September 29, 2010
Yes, there are many people who are suffering because housing took a sharp downward turn. But what are the reasons behind the suffering? Have they lost their job and can no longer afford their mortgage? Were they innocent victims of mortgage fraud? Or did they simply over leverage themselves when they bought more than they knew they could afford in the first place?
The meaning behind the American Dream has changed dramatically over the last several years. In the past, it meant having a good job, owning a home, and providing for you and your family. It meant road trips cross country, usually in the family car, to visit relatives or discover new places.
Then the greed set in.
The American Dream soon came to mean luxury McMansions, exotic trips overseas, expensive imported sports cars and luxurious designer clothing (which was often imported as well). In fact, there was very little "American" about the American Dream. It was no longer enough to merely keep up with the Jones' - to be successful, you had to surpass them in every conceivable arena.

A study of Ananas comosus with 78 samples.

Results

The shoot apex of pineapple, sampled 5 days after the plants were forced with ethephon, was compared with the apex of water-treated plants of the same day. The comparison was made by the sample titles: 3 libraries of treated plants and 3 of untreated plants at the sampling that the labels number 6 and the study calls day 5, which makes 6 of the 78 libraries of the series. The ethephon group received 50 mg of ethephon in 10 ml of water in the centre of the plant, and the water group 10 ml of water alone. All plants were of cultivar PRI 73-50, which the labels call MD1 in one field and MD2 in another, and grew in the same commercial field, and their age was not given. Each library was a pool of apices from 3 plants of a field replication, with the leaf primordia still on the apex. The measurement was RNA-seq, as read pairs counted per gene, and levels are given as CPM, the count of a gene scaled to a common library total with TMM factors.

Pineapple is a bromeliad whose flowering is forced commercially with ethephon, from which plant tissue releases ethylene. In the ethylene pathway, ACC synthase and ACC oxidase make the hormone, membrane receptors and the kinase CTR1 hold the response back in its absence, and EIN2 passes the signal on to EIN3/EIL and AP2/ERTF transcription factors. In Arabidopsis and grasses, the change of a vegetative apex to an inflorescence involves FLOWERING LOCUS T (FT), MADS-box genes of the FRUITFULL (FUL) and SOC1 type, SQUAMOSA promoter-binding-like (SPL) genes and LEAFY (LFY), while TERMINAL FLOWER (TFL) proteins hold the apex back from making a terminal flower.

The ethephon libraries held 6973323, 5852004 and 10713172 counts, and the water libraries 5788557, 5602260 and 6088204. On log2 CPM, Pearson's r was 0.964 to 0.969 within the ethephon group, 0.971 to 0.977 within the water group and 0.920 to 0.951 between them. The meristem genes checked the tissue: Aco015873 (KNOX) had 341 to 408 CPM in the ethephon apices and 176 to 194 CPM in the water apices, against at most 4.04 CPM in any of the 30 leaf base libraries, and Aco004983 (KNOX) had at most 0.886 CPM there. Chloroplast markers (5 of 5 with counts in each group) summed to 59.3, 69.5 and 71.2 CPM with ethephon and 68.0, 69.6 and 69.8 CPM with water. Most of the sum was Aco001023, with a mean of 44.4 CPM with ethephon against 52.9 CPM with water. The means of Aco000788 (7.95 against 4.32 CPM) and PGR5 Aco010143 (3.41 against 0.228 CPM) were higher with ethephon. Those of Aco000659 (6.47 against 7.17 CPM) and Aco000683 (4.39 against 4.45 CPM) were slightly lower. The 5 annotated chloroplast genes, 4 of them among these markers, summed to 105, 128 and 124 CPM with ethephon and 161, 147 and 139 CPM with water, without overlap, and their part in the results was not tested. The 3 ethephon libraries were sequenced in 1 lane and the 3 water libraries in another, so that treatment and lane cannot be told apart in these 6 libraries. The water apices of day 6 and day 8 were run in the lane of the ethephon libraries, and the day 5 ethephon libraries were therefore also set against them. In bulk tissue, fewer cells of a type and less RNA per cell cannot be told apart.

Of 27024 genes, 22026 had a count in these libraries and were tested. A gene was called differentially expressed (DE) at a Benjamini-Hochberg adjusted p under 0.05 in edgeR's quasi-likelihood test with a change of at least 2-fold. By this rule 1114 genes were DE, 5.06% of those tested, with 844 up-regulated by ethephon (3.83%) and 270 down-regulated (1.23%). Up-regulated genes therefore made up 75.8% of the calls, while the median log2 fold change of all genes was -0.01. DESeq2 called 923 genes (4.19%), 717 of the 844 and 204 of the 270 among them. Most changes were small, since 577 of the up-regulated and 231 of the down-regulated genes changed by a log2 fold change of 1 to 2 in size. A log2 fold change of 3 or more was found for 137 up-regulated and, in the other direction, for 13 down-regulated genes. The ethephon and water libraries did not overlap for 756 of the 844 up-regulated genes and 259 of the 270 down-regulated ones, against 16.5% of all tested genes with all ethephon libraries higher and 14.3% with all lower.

Now that we are beginning to see housing figures stabilize (at least in some markets), perhaps it is time for a new American Dream. One that includes responsible, long-term homeownership. This will require buyers to know what they really can afford each month, a figure based on their current assets only and not based on "what if" scenarios.
There are ample opportunities today to own a first or second home. Interest rates are low and inventory is high. There are a lot of good values to be found in the market. There's never been a better time to buy. The American Dream - the new American Dream - can and does include owing your place in the sun.